Evan Hudson’s apartment is really cold. It’s late January and the combination of an historic snowstorm followed by an extreme drop in temperature has everyone in the city shivering. Especially if, like Evan, your heat is broken. On the bright side, he explains, it keeps the outermost parts of his semi-sculptural "paintings" from flopping onto the floor. How optimistic!
The works, which fill all available wall space and lean casually in shallow stacks, are made by layering pieces of plasticine. This is a material which comes with its own unique set of affordances and drawbacks (like melting) when used as a medium for fine art as opposed to child’s play. Although, after my visit, I’m feeling like the line between those two categories could use some blurring.
Evan’s preferred subjects include large-scale environments, scenes and scenarios, characters and household objects. The compositions are clear and legible but are often planted with many thoughtful (and hilarious) details; I laugh at a sign held-up by a fan at a monster truck rally that just says “TRUCK!”. The citizens of the artist’s absurd universe are mostly anonymous figures or archetypes from contemporary life, human history, and childrens’ tales: pirates, hulk-like WWE fighters, circus clowns, kings, cowboys, and robbers, all at home in their respective settings or sets, wielding their swords, pistols, or swollen bags of loose, green cash.
While charmingly childlike by nature, the use of plasticine is kept from looking forced in its naivety by Evan’s thoughtful composition and his commitment to uniformity and detail. There's evidence of great carefulness and dexterity in the way he, like a toymaker, constructs and arranges each individual component. Traces of his hand are present everywhere and if you look closely you can see the subtle streaks of his thumbprints in the background layers. “So I don’t need to sign them”, he jokes.
The works are much thicker, much more three-dimensional in person than they appear in photos. I want to reach out and peel off pieces, mush it between my fingers, chew on it. Their affect is intensely tactile.
Other large drawings of his, made with oil stick on paper, have a similar textural quality. Thickly applied smears of colour articulate the cartoonish shapes of characters wrapped up in tangles of their own Gumby-like limbs.
His colours, too, are cheerful, lively, and straightforward. There’s regular use of cherry red, pineapple yellow, emerald green, and denim blue (he wears a cardigan and mismatched socks in these tones during my visit). A hot gumball pink, lots of good ol’ sky blue, and a very Barney purple, all bright like candy and sure of themselves. Evan tells me he can spend hours mixing them, making them homogenous. Another drawback of the material, I suppose, but well worth it for the effect. These hues are applied, more often than not, in blocks, as opposed to blended or streaked, which contributes to the Playmobil-esque aesthetic of the finished pieces.
It’s probably clear by now that humour plays a central role in what Evan does. We sit down with a couple of ice cold glasses of water and discuss his use of comedy and its importance for the connective potential of his work. When I explain my feeling that the tone of art writing can often feel needlessly cryptic and aloof, he can relate. “I feel the same way about some artists taking themselves far too seriously in their work”, he says, “Everything can be relatable if you allow the person to understand you. If you can’t communicate, that is a failure on your end.” When I look at his work, I see that principle in action. I feel in on the joke and it makes me appreciate that I could get such a vivid impression of his worldview. This is not to say that as readers and viewers we should only seek out ideas that are immediately accessible and don’t stretch or challenge our points of view. But, the way I see it, art and culture are about the transfer of ideas, and that’s something that just doesn’t work if you have no intention to communicate with your audience.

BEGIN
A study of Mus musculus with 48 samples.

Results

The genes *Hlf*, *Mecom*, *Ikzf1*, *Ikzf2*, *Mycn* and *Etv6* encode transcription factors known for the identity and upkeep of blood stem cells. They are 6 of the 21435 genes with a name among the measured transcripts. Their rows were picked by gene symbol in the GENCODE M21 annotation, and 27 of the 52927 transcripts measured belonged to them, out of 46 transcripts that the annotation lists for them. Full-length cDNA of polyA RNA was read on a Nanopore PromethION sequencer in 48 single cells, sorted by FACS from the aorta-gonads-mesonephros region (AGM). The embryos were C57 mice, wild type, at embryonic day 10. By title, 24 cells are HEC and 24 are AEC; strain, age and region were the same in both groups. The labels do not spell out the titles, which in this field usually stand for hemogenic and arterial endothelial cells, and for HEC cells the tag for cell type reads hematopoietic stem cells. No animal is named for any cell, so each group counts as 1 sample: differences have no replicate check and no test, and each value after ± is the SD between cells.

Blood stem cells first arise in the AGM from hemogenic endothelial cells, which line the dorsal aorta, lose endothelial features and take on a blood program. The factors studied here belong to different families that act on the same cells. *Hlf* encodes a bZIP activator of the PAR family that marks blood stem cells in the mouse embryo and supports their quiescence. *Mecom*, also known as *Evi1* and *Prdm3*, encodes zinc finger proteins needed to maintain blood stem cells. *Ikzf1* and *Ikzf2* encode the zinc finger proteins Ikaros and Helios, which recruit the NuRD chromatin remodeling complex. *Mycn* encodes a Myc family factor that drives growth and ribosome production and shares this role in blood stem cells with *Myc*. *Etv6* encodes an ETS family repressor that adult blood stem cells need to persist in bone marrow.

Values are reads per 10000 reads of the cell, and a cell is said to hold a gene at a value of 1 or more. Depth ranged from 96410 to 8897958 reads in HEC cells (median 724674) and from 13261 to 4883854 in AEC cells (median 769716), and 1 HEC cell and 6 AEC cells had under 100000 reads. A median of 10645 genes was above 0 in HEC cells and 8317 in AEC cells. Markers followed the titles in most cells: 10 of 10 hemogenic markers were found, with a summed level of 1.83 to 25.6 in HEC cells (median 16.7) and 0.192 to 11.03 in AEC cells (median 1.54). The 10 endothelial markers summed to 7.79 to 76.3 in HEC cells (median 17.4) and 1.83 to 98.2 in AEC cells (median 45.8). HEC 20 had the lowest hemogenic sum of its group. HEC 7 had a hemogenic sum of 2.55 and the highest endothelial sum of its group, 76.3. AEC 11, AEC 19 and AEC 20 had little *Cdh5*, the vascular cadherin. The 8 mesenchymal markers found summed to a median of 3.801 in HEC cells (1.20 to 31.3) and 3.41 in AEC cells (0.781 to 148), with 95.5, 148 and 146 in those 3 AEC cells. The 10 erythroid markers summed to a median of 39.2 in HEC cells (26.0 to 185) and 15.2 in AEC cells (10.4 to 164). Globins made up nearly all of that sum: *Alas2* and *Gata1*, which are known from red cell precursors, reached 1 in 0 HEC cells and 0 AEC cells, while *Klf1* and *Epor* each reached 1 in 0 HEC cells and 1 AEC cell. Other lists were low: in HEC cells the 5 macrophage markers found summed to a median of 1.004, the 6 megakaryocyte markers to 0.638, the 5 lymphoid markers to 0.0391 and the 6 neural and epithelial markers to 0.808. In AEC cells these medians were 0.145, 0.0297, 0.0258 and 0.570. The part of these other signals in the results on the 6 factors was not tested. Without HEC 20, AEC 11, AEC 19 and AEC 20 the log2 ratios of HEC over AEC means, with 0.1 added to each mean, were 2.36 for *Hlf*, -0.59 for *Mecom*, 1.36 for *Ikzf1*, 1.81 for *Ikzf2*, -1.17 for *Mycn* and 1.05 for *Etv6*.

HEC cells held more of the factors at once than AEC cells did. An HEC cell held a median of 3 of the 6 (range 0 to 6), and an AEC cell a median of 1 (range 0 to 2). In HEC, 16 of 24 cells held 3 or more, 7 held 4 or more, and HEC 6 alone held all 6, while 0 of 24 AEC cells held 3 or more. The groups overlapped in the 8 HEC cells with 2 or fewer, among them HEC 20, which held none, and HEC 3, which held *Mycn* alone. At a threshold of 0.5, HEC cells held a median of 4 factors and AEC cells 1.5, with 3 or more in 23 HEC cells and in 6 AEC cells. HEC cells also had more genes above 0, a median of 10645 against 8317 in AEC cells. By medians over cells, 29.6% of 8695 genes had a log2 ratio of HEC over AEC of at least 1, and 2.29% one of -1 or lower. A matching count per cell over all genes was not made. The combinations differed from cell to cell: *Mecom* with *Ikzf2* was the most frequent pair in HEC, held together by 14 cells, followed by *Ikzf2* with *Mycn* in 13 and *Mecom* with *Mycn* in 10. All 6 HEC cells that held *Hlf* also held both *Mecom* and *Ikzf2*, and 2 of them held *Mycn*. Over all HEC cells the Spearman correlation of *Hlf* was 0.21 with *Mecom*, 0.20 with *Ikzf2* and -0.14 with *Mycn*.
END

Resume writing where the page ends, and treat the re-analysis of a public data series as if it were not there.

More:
Evan’s observant, yet youthful comic vision, however, has more to offer than mere relatability. It also helps one reframe one’s own position as a character in the world. By depicting familiar scenes in a way that emphasizes their ridiculousness, his work reminds us that humanity is, and has pretty much always been, bizarre and full of spectacle. Our own lives are no exception. In this way, we are temporarily relieved of our own self-importance and can perhaps view life as something worth celebrating and laughing at, despite the fundamental uncertainty of our existence. In troubling times, his work reminds us that being defiantly playful, absurd, or obnoxious is a complex and valuable philosophical stance.
One piece of Evan’s that really struck me as embodying this lightheartedness is a plasticine depiction of two young men dancing naked around a bonfire in the woods. It is jubilant and free and feels like the best parts of life. The flames, which consume a lawnchair and some cardboard, give the scene a sense of gleeful disobedience, of joyful recklessness. “This is how I like to view the world.”, he says. “I think for a long time I was stuck on what’s so fucked up about everything and it’s a pretty privileged place to be where you can think of how beautiful life is and how weird humans are… I’m just trying to draw from that.”
If you’re interested in seeing more of Evan’s work, click here:
If you happen to be in Seattle, go see it in the flesh!